Fresh produce could become contaminated anywhere in the supply chain, from seed planting to placing on a shopper’s dining table.
The produce industry needs to consider all areas of potential contamination, safety and traceability providers said.
Dan Vache, vice president of supply chain management for United Fresh Produce Association, Washington, D.C., said a section of the Food Safety Modernization Act plans to cover transportation.
He said Food and Drug Administration officials are still talking about the topic.
Vache said best practices cover condition of trailers.
If there’s an off odor in it, you probably shouldn’t load it,” he said. “It’s a matter of common sense. With the cost of transportation, we’re seeing a lot more stronger shipper relations with transportation.
“It’s because they want to make sure they have the carriers and need to make sure those good carriers stay in business.”
Vache said possible gaps in control at places including trailers point out how produce food safety doesn’t only encompass the produce industry.
Walter Ram, vice president of food safety for The Giumarra Cos., Los Angeles, said the FDA plans to address food safety risks during transportation as the agency progresses with the act’s implementation.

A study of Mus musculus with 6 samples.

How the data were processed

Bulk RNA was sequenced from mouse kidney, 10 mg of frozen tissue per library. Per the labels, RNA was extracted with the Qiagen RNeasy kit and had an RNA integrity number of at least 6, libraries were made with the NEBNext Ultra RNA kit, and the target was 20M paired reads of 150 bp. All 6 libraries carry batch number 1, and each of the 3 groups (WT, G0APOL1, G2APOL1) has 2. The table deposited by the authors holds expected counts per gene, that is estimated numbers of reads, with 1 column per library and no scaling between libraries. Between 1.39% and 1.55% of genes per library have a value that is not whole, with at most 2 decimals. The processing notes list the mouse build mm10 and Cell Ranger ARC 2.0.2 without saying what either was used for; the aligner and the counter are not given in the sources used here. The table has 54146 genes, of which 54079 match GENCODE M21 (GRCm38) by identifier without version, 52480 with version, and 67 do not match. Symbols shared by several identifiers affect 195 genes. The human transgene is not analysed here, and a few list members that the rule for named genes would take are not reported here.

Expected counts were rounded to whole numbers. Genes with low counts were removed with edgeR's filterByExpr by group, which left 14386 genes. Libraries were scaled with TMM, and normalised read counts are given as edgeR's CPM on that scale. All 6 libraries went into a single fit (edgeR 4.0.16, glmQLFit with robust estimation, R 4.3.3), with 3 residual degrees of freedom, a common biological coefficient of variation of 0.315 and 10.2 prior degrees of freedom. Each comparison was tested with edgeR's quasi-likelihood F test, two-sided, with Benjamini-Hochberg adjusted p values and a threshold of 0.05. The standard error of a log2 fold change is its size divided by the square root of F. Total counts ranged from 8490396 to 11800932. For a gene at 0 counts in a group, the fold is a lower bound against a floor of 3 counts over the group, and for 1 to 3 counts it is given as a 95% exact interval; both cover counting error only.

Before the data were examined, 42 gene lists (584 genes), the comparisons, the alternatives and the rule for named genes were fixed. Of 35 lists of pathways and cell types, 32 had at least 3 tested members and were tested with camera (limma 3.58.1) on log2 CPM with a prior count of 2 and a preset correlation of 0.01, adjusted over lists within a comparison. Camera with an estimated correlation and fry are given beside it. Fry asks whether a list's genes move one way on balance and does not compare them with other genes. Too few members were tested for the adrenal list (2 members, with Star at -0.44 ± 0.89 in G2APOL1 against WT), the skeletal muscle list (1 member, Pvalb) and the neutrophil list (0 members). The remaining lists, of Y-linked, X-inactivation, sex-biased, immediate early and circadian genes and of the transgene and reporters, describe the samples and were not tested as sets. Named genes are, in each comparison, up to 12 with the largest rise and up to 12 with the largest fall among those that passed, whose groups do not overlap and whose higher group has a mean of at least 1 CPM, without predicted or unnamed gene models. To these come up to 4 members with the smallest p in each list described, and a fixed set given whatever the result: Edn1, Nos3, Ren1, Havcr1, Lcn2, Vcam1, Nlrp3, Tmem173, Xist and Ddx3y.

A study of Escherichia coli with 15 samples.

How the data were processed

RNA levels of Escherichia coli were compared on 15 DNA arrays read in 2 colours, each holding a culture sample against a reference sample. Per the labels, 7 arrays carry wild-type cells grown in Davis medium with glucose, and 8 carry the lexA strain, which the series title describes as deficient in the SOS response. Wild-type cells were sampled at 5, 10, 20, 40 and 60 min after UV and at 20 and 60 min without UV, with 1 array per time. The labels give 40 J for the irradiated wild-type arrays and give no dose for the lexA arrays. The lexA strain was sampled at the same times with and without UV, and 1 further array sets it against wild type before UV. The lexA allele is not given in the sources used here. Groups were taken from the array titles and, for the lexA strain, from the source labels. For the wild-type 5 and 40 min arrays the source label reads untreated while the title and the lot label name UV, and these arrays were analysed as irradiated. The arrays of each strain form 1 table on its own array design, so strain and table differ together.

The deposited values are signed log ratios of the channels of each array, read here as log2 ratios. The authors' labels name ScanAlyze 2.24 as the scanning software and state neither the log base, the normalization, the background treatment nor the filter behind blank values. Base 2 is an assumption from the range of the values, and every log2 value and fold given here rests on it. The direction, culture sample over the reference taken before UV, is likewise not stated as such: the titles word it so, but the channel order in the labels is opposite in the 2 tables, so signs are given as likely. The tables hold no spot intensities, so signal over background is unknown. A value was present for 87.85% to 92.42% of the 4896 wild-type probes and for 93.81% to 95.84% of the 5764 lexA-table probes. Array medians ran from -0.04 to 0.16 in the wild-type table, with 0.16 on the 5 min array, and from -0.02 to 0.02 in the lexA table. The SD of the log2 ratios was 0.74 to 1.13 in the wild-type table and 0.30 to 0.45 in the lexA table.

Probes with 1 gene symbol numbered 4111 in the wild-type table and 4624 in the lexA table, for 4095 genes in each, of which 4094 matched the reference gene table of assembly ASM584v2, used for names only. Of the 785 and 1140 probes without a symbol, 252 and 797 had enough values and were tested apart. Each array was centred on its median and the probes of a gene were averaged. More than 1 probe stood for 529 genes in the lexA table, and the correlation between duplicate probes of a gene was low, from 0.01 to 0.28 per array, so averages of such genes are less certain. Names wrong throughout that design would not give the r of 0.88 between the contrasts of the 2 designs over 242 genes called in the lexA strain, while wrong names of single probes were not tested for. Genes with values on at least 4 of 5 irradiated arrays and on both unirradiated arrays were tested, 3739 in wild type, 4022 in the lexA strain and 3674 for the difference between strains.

Small operation exemption
Like others, Ram, who served on the Newark, Del.-based Produce Marketing Association’s produce safety, science and technology committee and chaired United Fresh’s food safety and technology council, questions the Tester Amendment’s exemption of smaller operations from food safety rules.
“Small operations can have effective food safety programs without breaking the bank, but the key is they have to want to. Being unable and being unwilling are two different things.”
Gary Fleming, vice president of strategic services for RedLine Solutions, Inc., Santa Clara, Calif., said regulators shouldn’t overlook the buying side.
“People need to know where the government is going to expect the industry to react,” he said. “Most of the legislation coming from the FDA in the proposed rules focuses on the growers’ side. How will that translate to the retailers and the buying community?
“It’s very clear how the food safety protocols will impact the growers’ side of business but not so clear how they would impact the buyers’ side.”
Jim Gorny, senior adviser for produce safety at the FDA’s Center for Food Safety and Applied Nutrition, agreed but pointed out there are a number of reasons for the agency’s shipping point focus.
He said the origination points are where most of the epic outbreaks began and said Congress directed the agency to focus on the start of the chain.
“We understand food can become contaminated anywhere throughout the supply chain but we’re really focusing on these (packing and processing) facilities,” Gorny said. “These rules are not a cure-all, but they’re definitely a step in the right direction.”